One of the questions you have been struggling with for a long time is why he does so well with his resolve, sometimes going for many months, only to fall again. Why does it seem like a vicious cycle from which he can’t extricate himself? The answer is that, contrary to popular notions amongst us and jokes by late night talk show hosts, having a sex addiction does not mean that your sex engine is always on and running in hyperdrive. Being a sex addict does not mean you always want to have sex and will have it with anyone or anything including animals, houseplants and redwood lumber.
Like the ocean’s tide, addiction ebbs and flow. Sometimes it’s far out on the horizon; at other times you’re up to your eyeballs in it. Nevertheless, like the tide, when it goes away, it always comes back. This is why your husband can seem to be doing so well at times, so well in fact that you and he and the bishop come to think that he’s cured—until he “slips up” yet again. Please remember this: like the tide, the addiction always comes back. This means that if your husband ever tells you that it’s no longer a problem, you can be assured that he’s either kidding himself or he’s lying. I know that’s hard to hear, but it’s the truth.
Let me suggest an analogy to help you better understand your husband’s addiction. You’ve seen those hi-tech windmills that generate electricity. If you look closely, you realize quickly that there’s more to these things than you first thought—unless you have an engineering degree, in which case you knew all this wind power stuff a long time ago. It turns out that these windmills don’t simply spin in the wind and generate electricity. The windmills’ blades are actually adjustable so their angles can be modified to avoid damage in heavy winds, or else opened fully in light wind to catch every bit of push from a gentle breeze. Also, the axis on which the blades spin rotates 360 degrees so it can be turned into the wind. These adjustments are important so the operator can harness the power of the wind. In addition, they are vital when repairs are necessary. If required, the operator can trim down the angle of the blades and rotate the axis out of the wind so that the blades don’t spin at all. Although the wind is blowing past the windmill, no electricity is generated because the operator chooses for this to be so.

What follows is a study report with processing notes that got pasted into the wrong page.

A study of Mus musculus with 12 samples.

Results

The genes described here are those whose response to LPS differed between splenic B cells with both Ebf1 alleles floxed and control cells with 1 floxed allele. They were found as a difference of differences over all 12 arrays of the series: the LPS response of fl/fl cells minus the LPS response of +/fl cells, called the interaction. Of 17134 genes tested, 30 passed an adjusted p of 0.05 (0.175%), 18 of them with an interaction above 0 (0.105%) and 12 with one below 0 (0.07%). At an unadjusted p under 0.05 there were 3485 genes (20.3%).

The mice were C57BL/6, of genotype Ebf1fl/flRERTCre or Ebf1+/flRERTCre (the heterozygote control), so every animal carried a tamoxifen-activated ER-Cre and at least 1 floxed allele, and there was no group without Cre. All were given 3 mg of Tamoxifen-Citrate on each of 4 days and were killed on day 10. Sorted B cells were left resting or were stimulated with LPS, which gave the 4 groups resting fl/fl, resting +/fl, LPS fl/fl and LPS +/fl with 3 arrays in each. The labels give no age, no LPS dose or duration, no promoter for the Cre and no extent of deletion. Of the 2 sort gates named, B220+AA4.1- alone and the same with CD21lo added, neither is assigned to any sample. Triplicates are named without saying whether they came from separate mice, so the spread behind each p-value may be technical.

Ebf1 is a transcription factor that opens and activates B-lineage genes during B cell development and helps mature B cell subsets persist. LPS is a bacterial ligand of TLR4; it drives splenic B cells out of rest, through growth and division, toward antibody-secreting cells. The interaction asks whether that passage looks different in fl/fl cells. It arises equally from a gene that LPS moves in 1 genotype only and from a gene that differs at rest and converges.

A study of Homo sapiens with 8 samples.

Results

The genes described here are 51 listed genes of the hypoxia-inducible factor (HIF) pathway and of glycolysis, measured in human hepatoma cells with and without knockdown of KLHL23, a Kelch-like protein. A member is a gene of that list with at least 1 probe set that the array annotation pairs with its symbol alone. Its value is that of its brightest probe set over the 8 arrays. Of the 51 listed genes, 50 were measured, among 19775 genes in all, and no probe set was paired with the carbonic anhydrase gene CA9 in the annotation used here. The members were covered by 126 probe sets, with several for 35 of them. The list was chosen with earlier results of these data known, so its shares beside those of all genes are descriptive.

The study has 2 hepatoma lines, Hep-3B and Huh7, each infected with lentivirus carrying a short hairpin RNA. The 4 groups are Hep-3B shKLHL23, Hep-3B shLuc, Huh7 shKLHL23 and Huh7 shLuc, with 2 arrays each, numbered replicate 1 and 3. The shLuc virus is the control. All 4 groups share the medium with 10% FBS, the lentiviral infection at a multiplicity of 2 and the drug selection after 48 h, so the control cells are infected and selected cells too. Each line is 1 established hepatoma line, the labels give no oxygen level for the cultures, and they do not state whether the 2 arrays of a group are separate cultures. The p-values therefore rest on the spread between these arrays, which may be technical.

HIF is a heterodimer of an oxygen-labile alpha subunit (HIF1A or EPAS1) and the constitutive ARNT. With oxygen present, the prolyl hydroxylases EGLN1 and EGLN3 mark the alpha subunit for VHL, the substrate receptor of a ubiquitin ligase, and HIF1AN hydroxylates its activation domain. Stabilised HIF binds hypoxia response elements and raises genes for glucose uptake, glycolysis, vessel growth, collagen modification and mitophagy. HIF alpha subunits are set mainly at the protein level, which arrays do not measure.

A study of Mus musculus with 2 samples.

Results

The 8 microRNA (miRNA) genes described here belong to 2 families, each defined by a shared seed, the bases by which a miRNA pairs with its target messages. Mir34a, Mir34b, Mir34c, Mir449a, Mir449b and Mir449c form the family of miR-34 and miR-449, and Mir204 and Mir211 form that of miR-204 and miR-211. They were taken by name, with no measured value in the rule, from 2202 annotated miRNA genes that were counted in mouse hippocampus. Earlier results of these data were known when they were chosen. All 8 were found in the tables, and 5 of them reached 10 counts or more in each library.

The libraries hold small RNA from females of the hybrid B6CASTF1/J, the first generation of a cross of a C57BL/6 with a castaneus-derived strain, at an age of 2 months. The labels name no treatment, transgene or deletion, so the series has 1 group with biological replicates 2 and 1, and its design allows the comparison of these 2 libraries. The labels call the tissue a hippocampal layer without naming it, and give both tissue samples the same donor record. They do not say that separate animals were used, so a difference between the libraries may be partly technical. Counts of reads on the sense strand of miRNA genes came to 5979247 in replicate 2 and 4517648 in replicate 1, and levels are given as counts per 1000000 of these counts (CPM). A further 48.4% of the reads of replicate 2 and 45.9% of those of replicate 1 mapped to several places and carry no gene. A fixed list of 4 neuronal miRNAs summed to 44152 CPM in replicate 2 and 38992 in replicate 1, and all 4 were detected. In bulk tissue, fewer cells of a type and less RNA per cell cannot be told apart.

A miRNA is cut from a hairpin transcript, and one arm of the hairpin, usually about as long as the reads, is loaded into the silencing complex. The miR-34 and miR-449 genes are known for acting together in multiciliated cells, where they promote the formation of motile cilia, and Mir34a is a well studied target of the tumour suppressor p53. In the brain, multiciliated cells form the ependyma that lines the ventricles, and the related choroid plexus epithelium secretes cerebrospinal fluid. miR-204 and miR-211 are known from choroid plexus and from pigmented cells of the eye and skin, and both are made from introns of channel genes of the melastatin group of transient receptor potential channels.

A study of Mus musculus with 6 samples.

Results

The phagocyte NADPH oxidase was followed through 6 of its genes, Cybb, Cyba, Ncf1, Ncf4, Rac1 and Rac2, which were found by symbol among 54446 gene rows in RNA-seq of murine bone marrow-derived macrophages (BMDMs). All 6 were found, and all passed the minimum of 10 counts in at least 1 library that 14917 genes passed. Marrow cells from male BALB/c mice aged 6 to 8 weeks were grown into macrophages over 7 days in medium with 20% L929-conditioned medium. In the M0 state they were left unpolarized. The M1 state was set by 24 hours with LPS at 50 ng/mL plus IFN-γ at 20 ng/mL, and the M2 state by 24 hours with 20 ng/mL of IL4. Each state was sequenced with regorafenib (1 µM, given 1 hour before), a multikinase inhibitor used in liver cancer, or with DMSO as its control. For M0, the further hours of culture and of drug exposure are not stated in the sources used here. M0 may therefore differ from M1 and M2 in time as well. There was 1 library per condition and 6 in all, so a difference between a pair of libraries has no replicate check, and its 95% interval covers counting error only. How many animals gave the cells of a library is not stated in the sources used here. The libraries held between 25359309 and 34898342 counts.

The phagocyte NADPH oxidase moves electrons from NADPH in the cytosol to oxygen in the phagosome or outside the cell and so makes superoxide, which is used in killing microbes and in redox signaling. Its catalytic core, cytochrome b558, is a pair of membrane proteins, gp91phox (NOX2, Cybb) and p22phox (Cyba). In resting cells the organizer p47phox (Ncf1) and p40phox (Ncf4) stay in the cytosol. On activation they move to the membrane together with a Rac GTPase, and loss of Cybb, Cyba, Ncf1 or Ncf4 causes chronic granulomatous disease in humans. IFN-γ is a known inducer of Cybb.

Now let’s relate this to the human sex drive. In a normal person, the blades and axis of sexual urges can be adjusted. At the right times, the sex windmill can be faced into the wind with the blades open to catch the wind and spin like crazy. At other times, the windmill doesn’t spin at all even though there is a breeze. Addiction changes this.
When someone has a sex addiction, the operator of the windmill loses control of the motors that adjust the blades and axis. What’s worse, the windmill “adjusts” itself by always turning directly into the wind and opening the blades fully to catch all the wind. What this means for the sex addict is that when there’s not much wind, there’s not much of a problem. This is when he starts patting himself on the back about how strong and resolute and armored in spirituality he is. This time, he has conquered the beast! As we know, however, he really isn’t cured. When the wind finally picks up, look out! The operator quickly rediscovers that he has no control of the motors, the windmill proceeds to turn into the wind, blades spinning wildly, and a “slip up” occurs. Like the return of the ocean’s tide, the wind will always come back, and so there will always be “slip ups.”
I don’t like the term “slip up.” It suggests just a little problem, a minor setback in one’s progress to self-mastery. I prefer the term “acting out,” which means that the addict is engaging in behavior within the scope of his addiction. For an alcoholic, this would mean consuming alcohol. For a cocaine addict, this would mean ingesting cocaine. For a sex addict, acting out means engaging in any sexual behavior, act, or conduct with anyone other than his or her spouse. This includes self sex. Also, please don’t get hung up on the analogy of the windmill. It’s not perfect. It’s not meant to be. The same goes for the diabetes analogy. I am just trying to help you relate to the ebb-and-flow nature of addiction. There is no cure. The wind always returns. The windmill always turns into the wind. Always. Unless the addict gets himself into the solution…read on.